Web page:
History Hall of Fame
Shirley Chisholm was born in Brooklyn, New York on November 30,1924. Chisholm spent part of her childhood in Barbados with her grandmother. After graduating from Brooklyn College she began her career as a teacher and went on to earn a master's degree in elementary education from Columbia University in 1946. Chisholm served as director of the Hamilton-Madison Child Care Center from 1953-1959 and as an educational consultant for New York City's Bureau of Child Welfare from 1959 to 1964.
African American Firsts
In 1968 Shirley Chisholm made history by becoming the United States first African American congresswoman. Beginning the first of seven terms in the House of Representatives. After initially being assigned to the House Forestry Committee, she shocked many people by demanding to be reassigned. She was placed on the Veterans's Affairs Committee eventually graduating to the Education and Labor Committee.
Shirley Chisholm speaks truth!
What Chisholm Did
Shirley Chisholm fought for the rights of women, Native Americans, Haitian refugees migrant farm workers, and the poor. She worked for colleges and took stands on issues including the Vietnam War, Compensatory education and minimum wage for domestic workers. Chisholm was a member of the National Organizations for Women, a cofounder of the National women's Political Caucus, and a founding member of the Congressional Black Caucus in 1969.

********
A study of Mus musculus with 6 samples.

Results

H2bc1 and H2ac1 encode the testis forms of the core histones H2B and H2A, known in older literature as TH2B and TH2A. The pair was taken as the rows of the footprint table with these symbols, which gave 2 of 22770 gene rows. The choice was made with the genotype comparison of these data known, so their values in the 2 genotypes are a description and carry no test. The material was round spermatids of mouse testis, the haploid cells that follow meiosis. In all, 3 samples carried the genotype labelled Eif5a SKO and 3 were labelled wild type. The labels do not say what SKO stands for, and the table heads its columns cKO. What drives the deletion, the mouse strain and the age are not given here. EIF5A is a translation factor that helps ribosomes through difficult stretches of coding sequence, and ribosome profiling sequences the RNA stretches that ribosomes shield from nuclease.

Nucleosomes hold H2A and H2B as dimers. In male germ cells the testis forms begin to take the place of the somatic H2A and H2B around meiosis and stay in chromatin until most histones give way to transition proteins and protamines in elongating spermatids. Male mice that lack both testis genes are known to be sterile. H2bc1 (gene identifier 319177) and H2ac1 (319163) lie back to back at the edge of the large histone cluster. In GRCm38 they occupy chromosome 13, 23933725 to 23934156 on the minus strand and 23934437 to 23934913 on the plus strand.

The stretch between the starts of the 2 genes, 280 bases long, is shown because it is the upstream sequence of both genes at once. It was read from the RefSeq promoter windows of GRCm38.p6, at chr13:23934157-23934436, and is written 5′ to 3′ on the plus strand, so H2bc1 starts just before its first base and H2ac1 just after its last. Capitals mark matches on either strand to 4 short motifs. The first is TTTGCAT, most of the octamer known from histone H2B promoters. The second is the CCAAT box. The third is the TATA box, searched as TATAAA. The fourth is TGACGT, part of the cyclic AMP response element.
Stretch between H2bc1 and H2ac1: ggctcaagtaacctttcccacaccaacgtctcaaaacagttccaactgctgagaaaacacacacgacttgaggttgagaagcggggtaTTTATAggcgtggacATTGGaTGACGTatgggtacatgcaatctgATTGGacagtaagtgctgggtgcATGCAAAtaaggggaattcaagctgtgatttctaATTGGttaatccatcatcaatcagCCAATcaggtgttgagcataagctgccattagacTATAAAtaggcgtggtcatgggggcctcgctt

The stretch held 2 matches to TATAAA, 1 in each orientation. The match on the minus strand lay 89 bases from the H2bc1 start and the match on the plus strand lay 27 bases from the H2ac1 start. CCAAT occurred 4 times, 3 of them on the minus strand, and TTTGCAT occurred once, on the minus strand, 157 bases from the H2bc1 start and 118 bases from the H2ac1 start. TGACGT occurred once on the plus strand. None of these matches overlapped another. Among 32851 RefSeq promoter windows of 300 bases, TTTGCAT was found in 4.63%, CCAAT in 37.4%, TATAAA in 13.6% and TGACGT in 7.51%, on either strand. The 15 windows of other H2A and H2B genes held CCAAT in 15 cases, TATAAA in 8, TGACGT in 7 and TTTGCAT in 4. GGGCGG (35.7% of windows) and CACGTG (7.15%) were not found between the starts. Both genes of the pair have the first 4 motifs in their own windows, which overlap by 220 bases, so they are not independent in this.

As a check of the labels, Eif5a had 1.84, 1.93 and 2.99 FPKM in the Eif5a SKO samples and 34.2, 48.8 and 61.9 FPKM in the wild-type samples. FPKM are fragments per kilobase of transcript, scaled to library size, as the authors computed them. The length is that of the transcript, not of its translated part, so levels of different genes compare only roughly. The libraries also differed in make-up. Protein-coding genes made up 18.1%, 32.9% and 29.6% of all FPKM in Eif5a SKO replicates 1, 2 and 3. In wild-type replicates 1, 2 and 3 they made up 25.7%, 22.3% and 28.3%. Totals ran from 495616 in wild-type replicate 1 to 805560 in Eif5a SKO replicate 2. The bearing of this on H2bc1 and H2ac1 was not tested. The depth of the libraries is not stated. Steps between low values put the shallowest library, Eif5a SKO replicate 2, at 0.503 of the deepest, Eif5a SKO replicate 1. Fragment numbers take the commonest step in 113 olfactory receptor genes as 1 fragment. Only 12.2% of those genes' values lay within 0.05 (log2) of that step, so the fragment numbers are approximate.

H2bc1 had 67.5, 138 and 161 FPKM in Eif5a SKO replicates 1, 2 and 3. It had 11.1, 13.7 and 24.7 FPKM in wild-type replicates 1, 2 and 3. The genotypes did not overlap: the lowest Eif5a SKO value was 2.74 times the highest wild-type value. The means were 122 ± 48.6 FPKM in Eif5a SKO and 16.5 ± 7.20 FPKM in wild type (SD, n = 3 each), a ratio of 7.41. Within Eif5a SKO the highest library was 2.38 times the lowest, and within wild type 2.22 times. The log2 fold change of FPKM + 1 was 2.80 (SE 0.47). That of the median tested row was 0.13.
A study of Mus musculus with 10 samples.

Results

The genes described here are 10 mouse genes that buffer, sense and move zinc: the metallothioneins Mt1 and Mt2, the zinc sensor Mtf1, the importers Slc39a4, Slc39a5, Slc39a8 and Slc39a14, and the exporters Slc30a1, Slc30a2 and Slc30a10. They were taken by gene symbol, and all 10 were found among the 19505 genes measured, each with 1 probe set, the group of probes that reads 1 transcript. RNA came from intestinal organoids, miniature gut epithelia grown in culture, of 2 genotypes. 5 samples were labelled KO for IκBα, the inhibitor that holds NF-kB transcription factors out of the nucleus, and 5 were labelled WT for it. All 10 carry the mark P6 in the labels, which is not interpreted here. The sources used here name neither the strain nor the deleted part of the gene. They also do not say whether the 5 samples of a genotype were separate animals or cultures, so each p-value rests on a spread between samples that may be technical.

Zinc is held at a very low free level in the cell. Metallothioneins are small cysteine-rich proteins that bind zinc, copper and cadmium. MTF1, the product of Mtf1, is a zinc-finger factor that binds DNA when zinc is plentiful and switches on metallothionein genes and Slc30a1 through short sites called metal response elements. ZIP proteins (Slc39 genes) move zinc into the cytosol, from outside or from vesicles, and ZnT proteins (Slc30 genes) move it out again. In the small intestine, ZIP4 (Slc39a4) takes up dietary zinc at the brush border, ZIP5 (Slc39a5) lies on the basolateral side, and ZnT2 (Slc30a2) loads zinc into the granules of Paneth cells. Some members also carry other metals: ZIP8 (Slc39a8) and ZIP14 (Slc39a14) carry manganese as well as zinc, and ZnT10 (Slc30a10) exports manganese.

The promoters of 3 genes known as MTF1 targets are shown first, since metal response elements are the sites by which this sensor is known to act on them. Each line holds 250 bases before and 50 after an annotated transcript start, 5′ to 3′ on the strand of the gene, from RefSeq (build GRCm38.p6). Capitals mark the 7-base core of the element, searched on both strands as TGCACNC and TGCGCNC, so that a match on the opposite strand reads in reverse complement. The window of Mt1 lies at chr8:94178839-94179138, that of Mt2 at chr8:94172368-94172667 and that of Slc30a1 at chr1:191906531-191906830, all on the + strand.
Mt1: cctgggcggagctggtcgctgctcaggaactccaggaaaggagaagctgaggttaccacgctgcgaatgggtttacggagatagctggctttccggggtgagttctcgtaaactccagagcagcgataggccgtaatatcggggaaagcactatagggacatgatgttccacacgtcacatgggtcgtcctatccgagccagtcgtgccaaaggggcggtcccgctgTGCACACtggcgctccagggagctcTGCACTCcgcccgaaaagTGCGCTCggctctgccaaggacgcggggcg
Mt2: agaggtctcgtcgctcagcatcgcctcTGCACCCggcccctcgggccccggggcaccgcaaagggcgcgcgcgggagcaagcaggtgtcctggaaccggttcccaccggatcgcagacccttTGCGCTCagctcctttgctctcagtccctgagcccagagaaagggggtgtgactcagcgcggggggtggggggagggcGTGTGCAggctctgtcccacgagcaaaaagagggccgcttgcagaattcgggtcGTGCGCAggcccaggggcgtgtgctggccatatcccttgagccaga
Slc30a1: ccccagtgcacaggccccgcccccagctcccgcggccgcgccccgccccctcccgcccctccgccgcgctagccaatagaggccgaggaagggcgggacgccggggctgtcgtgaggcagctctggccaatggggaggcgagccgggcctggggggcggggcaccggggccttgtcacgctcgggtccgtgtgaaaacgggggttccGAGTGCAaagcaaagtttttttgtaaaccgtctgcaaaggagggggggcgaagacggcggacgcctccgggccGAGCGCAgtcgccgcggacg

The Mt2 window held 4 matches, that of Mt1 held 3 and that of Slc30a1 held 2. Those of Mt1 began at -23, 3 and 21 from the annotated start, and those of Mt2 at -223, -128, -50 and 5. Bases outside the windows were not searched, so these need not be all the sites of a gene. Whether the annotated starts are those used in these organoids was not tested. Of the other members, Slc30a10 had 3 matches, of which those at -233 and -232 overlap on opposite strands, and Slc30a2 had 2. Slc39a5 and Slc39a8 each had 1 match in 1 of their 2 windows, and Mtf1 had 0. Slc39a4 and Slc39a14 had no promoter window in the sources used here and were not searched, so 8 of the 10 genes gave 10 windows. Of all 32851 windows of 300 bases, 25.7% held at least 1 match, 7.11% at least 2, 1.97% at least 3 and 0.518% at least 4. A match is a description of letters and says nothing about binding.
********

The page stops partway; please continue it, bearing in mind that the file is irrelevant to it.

Running for President
Chisholm went on yo make history again to become the first African American candidate to run for the U.S presidency when she ran for the Democratic nomination in 1972. Chisholm ran against Richard Nixon, Thomas Eagleton and George McGovern. She did not win the race.
Later in Life
Shirley Chisholm married Conrad Chisholm from 1949 to 1977. Then, she later married Arthur Hardwick Jr.
Chisholm as an Author
Chisholm published two books during her lifetime, Unsought and Unbossed in 1970 and The Good Fight in1973.
Chisholm was awarded an Honorary Doctor of Laws degree by Smith College and she was admitted into the National Women's Hall of Fame. Chisholm was also awarded with the Presidential Medal of Freedom.
Shirley Chisholm: How I Want To Be Remembered
Shirley Chisholm died of a stroke on January 1, 2005 in Ormond Beach, FL.
Impact in the community
Shirley Chisholm impacted black women the most. She made people have a different on African Americans. Shirley believed that black women needed to be given a chance to fly and be able to try different things. In Chisholm's mind all woman were capable of doing things that men can do.